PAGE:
The forecast called for a high of 88 degrees, but temps on the course on Marathon Monday exceeded that by (depending which report you prefer) one to six degrees. The BAA made the very unexpected decision to allow any runners opting not to start to defer their entry to 2013. Inexperienced marathoners were encouraged, bluntly, not to toe the line.
I should explain – the trouble with such heat during a marathon is not necessarily the heat itself. After all, all across the country and the world, runners conquer marathons and ultramarathons in 90+ degrees regularly. Rather, the alarm raised stemmed from a lack of preparedness – it takes time for a winterized runner’s body to adjust to performing in the heat. For most hot weather marathoners, the majority of training has taken place over the summer; in the case of the unseasonable climes on April 16 very few of us, after training primarily in 25-45 degrees, could be physiologically prepared for the mid-80′s.
Amid the hubbub and horror as the forecast continued to rise, I did briefly consider the BAA’s deferral offer. In my case, not wanting to commit to a third straight winter of running rather than skiing (not that I missed out on much this year, hmph), I decided that I might as well start and see how things progressed. I do, after all, have experience dropping out of marathons; having finished Boston last year, I had less to prove to myself than a first time marathoner. It was with the option of dropping out a distinct possibility in my mind that I geared up and headed to Hopkinton.
I’ve been asked over and over since April 16 how it was – my standard response is, an adventure. It was hot, there was a lot of uncertainty and also it was hot. People seem more shocked that I finished this year than they did last April when it was my first marathon.
If I’m more honest though, at the risk of sounding delusional or pompous, it wasn’t that bad. I had prepared myself for the absolute worst, and I went in with the right gear, the right fuel, knowledge of how my body responded to heat during last summer’s training cycle and a plan. I walked a lot, shamelessly. I drank plenty, ate more than I usually might, took ice everywhere it was offered and kept it in my sports bra and under a sweatband against my wrist. I ate salt – straight from fast food packets – at every water stop, and carried a sponge to dunk in water cups and cool myself. I reapplied (almost enough) sunscreen. I smiled a bunch, but high-fived less. When I saw Coach Rick at 15, Danielle at 17 and my mother at 22, I was a little unnerved by how good I felt. (They probably were too.)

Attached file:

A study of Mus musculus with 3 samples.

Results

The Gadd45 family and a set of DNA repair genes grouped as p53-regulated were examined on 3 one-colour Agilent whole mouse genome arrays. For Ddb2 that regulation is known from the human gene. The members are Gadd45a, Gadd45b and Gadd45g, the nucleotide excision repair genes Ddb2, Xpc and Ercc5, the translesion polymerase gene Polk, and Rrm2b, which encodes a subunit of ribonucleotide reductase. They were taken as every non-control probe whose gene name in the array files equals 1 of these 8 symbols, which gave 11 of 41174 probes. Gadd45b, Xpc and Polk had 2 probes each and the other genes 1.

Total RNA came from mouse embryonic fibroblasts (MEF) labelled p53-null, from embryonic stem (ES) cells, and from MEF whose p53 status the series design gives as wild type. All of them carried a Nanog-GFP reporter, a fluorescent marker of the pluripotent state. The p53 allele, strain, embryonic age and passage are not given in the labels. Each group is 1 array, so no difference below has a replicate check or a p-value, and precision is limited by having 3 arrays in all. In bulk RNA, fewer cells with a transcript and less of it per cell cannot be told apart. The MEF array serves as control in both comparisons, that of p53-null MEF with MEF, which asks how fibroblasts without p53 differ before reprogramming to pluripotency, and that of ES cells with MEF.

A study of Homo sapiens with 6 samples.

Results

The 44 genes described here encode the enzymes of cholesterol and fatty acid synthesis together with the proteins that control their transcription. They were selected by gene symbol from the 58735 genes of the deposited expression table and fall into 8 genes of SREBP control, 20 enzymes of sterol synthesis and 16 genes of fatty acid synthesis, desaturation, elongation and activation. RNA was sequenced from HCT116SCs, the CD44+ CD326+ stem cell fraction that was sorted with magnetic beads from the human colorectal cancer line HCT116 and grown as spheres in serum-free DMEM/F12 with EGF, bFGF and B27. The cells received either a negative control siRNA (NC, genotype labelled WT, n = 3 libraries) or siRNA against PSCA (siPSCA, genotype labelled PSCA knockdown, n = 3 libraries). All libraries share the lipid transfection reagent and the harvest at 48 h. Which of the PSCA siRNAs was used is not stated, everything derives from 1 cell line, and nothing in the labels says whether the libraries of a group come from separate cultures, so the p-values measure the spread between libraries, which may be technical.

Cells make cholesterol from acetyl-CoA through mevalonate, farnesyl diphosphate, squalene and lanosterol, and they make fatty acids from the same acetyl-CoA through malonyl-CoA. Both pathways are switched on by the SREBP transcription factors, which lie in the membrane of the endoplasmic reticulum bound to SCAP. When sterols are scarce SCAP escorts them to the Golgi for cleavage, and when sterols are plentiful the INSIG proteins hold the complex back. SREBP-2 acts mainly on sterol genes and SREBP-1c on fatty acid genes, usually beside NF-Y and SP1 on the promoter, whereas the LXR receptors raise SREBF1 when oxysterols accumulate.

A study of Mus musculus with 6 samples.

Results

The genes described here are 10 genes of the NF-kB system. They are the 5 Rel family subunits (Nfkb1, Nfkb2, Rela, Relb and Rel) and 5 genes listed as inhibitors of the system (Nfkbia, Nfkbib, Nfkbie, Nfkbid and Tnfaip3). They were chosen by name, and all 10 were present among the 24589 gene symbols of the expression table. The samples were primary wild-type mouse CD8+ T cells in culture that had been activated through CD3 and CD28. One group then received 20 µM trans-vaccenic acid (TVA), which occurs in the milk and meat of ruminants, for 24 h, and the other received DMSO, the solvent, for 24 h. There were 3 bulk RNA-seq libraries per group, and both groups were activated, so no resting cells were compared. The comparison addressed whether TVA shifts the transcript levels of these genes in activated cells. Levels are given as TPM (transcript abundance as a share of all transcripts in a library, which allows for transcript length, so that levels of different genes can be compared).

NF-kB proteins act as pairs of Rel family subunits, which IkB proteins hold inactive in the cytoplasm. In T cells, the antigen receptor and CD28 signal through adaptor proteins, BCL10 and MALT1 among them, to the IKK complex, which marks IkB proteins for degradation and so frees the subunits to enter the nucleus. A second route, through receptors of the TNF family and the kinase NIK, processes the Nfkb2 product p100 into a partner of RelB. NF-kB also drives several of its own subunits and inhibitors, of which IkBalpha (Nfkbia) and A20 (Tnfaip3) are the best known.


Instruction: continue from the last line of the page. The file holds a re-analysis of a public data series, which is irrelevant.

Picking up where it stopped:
The very worst of it, truthfully, was that my feet were too darn hot. After six and a half hours pounding well-baked pavement, they ached, and I wanted to be off of them. Due to my slower pace, however, I never got the screaming quad and hip fatigue that plagued my finish last year. My ankle was rock solid, my blisters limited to two. We went for frites and beer at Publick House post-race (a tradition I’m rather fond of now), and I handled stairs on Tuesday without a second thought.
So, what’s the moral of the story here? I suppose it boils down to a reminder to know your body, listen to it and to accept failure as a possibility. For me, the marathon was never something to cross off my bucket list – despite the mood swings in training, I enjoy being a marathoner, and I want to be able to do this for a long time. Dropping out on April 16 if I felt my body failing in the heat would not have meant I was incapable of the distance, just as leaving the course at Mile 17 in September with a crunchy ankle didn’t mean that my training had failed. In my mind, it’s a balance – had I finished in September, I would likely have been in for a much longer recovery or permanent damage, both of which would have prevented me from doing something I love. The same would have been true if I pushed too hard in the heat.
That said, I truly feel for the runners who made the difficult decision to defer, or to drop out during the race. I’ve said it before, but it’s relevant: running a marathon is hard. Stopping – quitting – or making the choice not to start after months of training is even harder.